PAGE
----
The Veterinary Poisons Information Service (VPIS)* have compiled a list of common poisons and Adder bites appear at number 10 in this list – following approx 1,242 enquiries to the Service to date by Vets. The European Adder is the only venomous snake native to the UK. Adder bites typically occur during the warmer Spring/Summer months. This is because they are cold-blooded and move out into the open – including on to paths – to bask in the sun and warm up before returning to the undergrowth.
Adders typically like to live in areas of rough, open countryside and around the edges of woodland. Male adders can grow up to 60cm long and females up to 75cm – although many are less than this. They are not aggressive animals and are only likely to bite if they feel threatened or are trodden on.
To decrease the risk of your pet being bitten you should keep your dog in a lead in areas that Adders may favour – particularly when it is very warm. To protect yourself you should wear boots or wellingtons rather than open-toed shoes or flip-flops. However, it is worth mentioned that a human has not died from an Adder bite for over 20 years.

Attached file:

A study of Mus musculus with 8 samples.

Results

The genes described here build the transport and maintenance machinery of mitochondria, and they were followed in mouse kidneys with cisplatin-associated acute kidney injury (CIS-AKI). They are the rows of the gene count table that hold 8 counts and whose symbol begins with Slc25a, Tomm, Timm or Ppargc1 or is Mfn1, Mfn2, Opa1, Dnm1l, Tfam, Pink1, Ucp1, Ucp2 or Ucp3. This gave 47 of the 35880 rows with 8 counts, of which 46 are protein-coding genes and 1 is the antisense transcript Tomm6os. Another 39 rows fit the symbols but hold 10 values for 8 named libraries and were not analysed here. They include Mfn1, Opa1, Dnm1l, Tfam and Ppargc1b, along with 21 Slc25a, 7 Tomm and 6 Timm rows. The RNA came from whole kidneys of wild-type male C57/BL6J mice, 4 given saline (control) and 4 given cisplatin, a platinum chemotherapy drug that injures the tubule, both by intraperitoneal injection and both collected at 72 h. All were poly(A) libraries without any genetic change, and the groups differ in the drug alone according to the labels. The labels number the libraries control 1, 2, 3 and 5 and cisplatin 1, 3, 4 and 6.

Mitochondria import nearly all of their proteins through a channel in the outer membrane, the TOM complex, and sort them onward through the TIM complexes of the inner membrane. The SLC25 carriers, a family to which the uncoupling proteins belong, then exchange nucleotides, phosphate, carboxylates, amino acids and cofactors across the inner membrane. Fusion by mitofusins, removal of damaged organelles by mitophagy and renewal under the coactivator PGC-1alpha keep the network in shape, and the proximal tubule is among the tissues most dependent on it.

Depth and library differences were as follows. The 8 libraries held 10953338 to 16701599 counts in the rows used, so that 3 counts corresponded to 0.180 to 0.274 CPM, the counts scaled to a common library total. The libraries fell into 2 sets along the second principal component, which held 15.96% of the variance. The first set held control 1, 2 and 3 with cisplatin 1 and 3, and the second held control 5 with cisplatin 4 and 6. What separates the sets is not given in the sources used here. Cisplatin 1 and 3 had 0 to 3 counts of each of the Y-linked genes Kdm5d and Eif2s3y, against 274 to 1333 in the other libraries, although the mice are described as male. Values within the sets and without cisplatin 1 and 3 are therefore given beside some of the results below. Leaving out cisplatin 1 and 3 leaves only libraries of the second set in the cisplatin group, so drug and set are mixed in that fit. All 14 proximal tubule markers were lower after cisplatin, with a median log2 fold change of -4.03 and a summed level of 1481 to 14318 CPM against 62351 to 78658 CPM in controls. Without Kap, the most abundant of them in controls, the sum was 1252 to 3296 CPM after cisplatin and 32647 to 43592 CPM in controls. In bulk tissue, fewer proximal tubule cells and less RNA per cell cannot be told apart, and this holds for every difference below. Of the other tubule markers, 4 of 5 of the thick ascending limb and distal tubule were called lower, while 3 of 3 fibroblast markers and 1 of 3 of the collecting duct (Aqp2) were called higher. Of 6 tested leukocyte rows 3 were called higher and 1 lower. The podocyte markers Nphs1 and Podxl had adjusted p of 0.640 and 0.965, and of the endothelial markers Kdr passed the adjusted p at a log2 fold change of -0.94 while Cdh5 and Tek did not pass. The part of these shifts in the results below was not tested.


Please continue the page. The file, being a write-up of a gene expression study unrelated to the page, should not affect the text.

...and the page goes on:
Adder bites are extremely dangerous to pets – particularly if they are bitten on the face. If your pet is bitten the signs of this include swelling, bleeding and fever. Your pet may go into shock. Kidney and liver damage may occur in some cases. Time is of the essence when treating Adder bites so your pet must be taken to a Vet as soon as possible.
* The Veterinary Poisons Information Service (VPIS) is an internationally renowned poisons information service which provides the veterinary profession with 24 hour support and advice on the diagnosis and management of poisoned animals. They advise on approximately 25,000 cases in total per year. For more information about the VPIS please click here to visit the VPIS website. If you suspect your pet may have been poisoned, come into contact with any kind of toxin or otherwise appears unwell please contact your Vet in the first instance.
COMING UP IN PART 2: We take a look at Number 9 on the VPIS’s common poisons list – batteries!